Philippines raises $1.5 B from global bonds

Posted at 01/11/2014 9:19 AM | Updated as of 01/11/2014 10:18 AM

MANILA, Philippines - The Philippines raised $1.5 billion through a sale of 10-year global bonds with investors snapping up the country’s first dollar issuance as a full-fledged investment grade credit.

According to the Department of Finance, the issue attracted bids worth more than $13.5 billion from about 500 investors.

The huge demand helped the Philippines snag a yield of 4.2 percent for the bonds due 2024.

The country, which won investment grade ratings from three of the world’s major credit ratings agencies for the first time in 2013, allocated 53 percent of the 10-year notes to investors based in the US, 28 percent to investors in Asia and 19 percent to investors in Europe.

Around 71 percent of the notes was sold to fund managers, 24 percent to banks, and five percent to insurers.

This transaction is the country’s first international debt issuance since January 2012. It coincided with a one-day tender offer for 11 series of dollar denominated bonds maturing between 2015 and 2025.

The tender offer was primarily targeted at existing bondholders to switch into the new 10-year global bonds. About $870 million in bonds were offered by investors for exchange into the new global bonds and this was accepted by the government.

This liability management transaction also marks the first intraday switch tender offer in Asia, evidencing the country’s sophistication as a sovereign issuer.

Commenting on the successful bond issuance, Finance Secretary Cesar V. Purisima said: “We welcome this opportunity for the Republic to revisit the international markets, to herald its investment-grade status and establish a reference for the country’s credit.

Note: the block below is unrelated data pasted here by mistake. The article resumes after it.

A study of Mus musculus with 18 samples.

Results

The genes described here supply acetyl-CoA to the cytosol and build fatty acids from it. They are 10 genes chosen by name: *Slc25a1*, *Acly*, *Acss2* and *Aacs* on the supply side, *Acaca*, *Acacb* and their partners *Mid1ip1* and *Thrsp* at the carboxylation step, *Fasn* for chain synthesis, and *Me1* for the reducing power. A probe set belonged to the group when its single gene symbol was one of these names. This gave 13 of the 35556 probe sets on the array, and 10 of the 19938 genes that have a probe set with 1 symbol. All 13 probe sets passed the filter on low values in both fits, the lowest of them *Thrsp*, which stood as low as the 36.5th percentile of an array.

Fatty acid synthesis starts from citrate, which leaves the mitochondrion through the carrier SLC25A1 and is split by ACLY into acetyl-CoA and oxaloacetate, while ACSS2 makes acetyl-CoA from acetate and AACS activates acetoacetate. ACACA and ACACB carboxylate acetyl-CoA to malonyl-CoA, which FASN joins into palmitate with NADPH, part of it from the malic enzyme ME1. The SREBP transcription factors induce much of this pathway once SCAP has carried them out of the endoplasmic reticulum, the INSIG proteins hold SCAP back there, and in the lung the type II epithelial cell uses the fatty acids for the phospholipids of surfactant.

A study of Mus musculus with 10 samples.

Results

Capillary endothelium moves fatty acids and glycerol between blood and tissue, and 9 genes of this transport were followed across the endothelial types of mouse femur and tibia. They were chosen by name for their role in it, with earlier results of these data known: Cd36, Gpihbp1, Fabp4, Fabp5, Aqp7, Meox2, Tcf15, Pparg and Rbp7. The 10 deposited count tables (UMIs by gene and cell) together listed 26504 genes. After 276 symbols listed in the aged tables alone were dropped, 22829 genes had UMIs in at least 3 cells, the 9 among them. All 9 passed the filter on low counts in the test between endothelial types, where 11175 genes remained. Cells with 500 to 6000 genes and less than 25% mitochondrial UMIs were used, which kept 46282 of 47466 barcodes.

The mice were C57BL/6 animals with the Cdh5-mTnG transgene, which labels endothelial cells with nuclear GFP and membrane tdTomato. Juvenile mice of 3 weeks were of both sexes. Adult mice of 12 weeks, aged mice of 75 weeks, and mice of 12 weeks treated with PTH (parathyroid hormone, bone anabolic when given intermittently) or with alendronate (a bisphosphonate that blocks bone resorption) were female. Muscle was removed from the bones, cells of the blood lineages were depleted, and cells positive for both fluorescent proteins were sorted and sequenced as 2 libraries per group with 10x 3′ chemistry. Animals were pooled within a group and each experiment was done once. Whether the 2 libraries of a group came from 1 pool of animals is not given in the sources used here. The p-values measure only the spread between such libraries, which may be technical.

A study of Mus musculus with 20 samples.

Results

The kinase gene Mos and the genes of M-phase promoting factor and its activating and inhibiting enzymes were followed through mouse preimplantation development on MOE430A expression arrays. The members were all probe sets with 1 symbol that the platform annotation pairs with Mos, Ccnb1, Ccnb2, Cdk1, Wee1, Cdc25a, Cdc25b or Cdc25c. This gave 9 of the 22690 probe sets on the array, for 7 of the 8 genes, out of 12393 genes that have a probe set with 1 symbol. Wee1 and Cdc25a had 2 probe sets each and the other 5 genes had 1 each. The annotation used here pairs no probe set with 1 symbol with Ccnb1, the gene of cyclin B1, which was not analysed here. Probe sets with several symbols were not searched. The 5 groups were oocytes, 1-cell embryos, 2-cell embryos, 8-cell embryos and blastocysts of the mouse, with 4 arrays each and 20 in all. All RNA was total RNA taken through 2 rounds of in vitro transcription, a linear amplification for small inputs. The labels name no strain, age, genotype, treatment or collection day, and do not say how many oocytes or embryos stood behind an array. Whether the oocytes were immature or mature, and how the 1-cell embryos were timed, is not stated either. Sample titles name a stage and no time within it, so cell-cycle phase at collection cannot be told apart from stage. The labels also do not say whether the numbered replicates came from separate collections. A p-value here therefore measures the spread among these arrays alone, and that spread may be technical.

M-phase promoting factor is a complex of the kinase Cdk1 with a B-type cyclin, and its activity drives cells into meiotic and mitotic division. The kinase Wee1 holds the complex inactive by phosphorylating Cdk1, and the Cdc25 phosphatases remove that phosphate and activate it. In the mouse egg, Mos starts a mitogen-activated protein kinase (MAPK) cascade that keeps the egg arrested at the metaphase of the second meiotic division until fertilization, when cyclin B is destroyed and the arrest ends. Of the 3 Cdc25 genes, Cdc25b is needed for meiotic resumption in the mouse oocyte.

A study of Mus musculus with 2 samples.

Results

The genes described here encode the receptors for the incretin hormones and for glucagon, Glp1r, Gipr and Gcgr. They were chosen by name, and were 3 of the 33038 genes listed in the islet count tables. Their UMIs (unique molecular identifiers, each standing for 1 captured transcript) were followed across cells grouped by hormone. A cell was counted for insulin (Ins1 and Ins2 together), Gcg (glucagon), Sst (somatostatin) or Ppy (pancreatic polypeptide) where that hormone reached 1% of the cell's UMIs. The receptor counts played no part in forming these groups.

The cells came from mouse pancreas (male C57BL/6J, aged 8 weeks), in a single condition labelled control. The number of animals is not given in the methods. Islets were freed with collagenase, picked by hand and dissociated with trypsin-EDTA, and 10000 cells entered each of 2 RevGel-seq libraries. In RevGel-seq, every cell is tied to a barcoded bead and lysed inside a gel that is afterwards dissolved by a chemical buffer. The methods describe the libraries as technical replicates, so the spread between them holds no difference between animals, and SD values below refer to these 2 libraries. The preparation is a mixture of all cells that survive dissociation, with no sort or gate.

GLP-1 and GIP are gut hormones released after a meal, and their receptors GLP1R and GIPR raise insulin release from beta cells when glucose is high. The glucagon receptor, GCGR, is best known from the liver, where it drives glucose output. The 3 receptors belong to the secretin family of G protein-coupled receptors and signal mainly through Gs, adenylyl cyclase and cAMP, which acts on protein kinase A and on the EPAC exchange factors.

This exercise again demonstrates sustained government efforts to reduce the country’s debt burden and to channel more resources into productive endeavors.”

National Treasurer Rosalia De Leon, for her part, said the fund-raising activity was “in line with the government’s overall objectives of prudent and proactive liability management, and resulted in interest-cost savings as well as extended the average debt maturity profile of the Philippines.”

“The result further bolstered the strength of the government’s financial position,” De Leon added.

Joint global deal managers and coordinators for the bond offering were Deutsche Bank, HSBC, and Standard Chartered Bank. ANZ, Citi, Deutsche Bank, Goldman Sachs, HSBC, J.P. Morgan, Morgan Stanley, and Standard Chartered Bank served as joint bookrunners.

Proceeds from the bond issue will be used to fund the exchange offer as well as for general purposes including budgetary support.

For this week alone, Asian economies (including the Philippines) raised a total of $6.5 billion from sale of dollar-denominated debts. Indonesia sold $1.5 billion worth of five-year Islamic bonds at the highest rate since 2009 while Sri Lanka issued $1 billion of five-year bonds at a 6 percent yield last Jan. 6.